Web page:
Bed-Stuy New Hot Spot for City's Top Bars Looking to Expand
Instead, he looked east. To Bed-Stuy.
"It's just a neighborhood that's full of possibilities," Clark said. "As the neighborhood is changing, people are demanding more restaurants, bars, more amenities."
In the last year, Bed-Stuy has seen an increase in bars and restaurants opened by established restaurateurs and bar owners who are catching up to a rapidly gentrifying neighborhood, business owners and officials said.
In addition to Bedford Hall and Clark's new rock venue Olivia, at 1073 Atlantic Ave., last year saw the opening of Glorietta Baldy, a craft beer place at 502 Franklin Ave. from Bar Great Harry and Mission Dolores owners Ben, Seth and Mike Wiley; and Oaxaca Taqueria, a Mexican restaurant with locations across Manhattan and in Brooklyn, at 1116 Bedford Ave.
Further east, Ben Grossman and Craig Samuel, who opened their first restaurant Smoke Joint in Fort Greene eight years ago, continued their expansion into Bed-Stuy with a new Little Brother BBQ location at 407 Lewis Ave. The partners have already had a foothold in the neighborhood with Peaches, at 393 Lewis Ave., and the HotHouse at 415 Tompkins Ave.
Much of the change has to do with the price of commercial real estate in the neighborhood, which has stayed reasonable even as rents have climbed, Clark said.
The 3,000-square-foot Bedford Hall, for example, rents for about half as much as the modest 1,000-square-foot Mo's in Fort Greene, Clark said.
"There's a demand. There's available commercial space and there's affordable commercial space," Clark said. "I tell people, 'If you're looking for a good investment, come to Bedford Avenue while you can.'"
For others, the decision to move was more organic. Seth Wiley, one of the brothers who owns Glorietta Baldy, said the three settled on Bed-Stuy because it was a neighborhood they found themselves drawn to in their personal lives.
"If we're thinking about somewhere, it's usually somewhere we spend a good amount of time," Wiley said. "And for some reason we'd been spending more and more time [in Bed-Stuy]."
Glorietta Baldy, which opened in October, serves an ever-changing craft beer menu, along with some light food from vendors like B'klyn Burro. It's already become a popular choice in the neighborhood after a string of good press.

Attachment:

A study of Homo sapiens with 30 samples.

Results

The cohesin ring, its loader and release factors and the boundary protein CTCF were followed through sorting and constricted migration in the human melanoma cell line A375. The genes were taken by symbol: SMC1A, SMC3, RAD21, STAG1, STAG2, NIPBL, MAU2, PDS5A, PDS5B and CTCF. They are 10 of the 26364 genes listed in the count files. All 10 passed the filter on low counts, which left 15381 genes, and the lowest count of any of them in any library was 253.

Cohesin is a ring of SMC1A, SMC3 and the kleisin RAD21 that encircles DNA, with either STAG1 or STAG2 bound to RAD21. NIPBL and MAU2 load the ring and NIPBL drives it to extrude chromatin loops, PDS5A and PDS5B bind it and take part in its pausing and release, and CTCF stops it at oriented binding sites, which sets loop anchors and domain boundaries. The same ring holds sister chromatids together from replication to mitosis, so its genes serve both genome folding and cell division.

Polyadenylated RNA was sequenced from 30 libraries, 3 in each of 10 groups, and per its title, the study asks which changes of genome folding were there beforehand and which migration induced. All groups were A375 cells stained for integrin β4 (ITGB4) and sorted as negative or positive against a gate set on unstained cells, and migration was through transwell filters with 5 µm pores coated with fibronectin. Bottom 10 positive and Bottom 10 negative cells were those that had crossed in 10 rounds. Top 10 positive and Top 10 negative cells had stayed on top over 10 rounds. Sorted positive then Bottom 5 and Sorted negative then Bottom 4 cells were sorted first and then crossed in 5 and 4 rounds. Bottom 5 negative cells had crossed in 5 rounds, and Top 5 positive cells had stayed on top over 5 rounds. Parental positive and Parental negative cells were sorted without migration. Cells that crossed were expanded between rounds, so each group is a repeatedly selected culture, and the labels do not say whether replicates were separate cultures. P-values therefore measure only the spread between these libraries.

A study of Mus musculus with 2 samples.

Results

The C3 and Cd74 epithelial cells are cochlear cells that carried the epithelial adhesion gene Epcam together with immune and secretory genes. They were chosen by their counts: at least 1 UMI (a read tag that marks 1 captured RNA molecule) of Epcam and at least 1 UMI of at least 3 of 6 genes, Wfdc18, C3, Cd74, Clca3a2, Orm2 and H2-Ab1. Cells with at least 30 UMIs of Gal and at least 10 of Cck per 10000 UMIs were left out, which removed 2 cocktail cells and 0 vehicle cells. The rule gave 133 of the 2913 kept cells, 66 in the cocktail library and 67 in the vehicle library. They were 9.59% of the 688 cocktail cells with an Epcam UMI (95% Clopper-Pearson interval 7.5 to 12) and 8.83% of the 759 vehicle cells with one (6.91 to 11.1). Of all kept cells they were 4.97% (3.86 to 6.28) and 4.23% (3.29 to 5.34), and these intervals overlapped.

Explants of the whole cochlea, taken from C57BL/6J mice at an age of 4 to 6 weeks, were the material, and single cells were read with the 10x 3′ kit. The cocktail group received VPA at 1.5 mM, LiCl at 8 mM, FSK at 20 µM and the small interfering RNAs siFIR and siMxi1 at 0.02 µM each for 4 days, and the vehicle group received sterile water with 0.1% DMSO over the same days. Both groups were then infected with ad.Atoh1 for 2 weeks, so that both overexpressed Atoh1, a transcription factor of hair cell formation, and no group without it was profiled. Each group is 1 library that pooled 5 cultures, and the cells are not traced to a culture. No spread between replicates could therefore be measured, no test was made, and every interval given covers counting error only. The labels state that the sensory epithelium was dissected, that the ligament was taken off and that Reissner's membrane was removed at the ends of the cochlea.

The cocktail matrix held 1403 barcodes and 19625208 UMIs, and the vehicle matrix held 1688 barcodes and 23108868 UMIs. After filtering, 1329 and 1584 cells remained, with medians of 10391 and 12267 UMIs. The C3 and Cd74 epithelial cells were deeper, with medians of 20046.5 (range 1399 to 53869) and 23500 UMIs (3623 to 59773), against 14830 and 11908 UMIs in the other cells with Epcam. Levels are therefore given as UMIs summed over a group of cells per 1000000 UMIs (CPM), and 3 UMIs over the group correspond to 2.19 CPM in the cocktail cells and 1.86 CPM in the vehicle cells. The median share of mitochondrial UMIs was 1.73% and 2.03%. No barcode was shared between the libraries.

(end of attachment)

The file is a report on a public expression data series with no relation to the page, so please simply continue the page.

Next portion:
The more new businesses such as Glorietta Baldy become successful in the neighborhood, the more other bar and restaurant owners will follow suit, Wiley said.
"It becomes a self-reinforcing kind of thing," Wiley said. "When they hear, "OK, you're doing OK over there? Great, maybe I can do that, too.'"
Brooklyn Community Board 3 member Richard Flateau said he's already seen the demand increase "dramatically" in his five years as the board's economic development chair.
Flateau, who has lived in Bed-Stuy for most of his life and owns a real estate business, cites a more affordable commercial real estate market and a demand for services, along with access to public transportation. Glorietta Baldy, for example, is just steps from the Franklin Avenue C train and shuttle.
But he also said the increase in business is a natural and positive development.
"When you take a long view of how communities develop, it's not unusual," Flateau said. "Overall, I think the fact that you have more businesses and a greater variety is probably a plus."
That community development is something Clark said he's seen first hand. As a Fort Greene resident for 27 years, the business owner said he remembers a time when a night out meant hopping on the train and heading to Manhattan.
Now he hopes he can help add his own mark on Bed-Stuy's development.
"Communities are always changing," Clark said. "It's an opportunity to grow, and to grow with the changes that are going on in the neighborhood."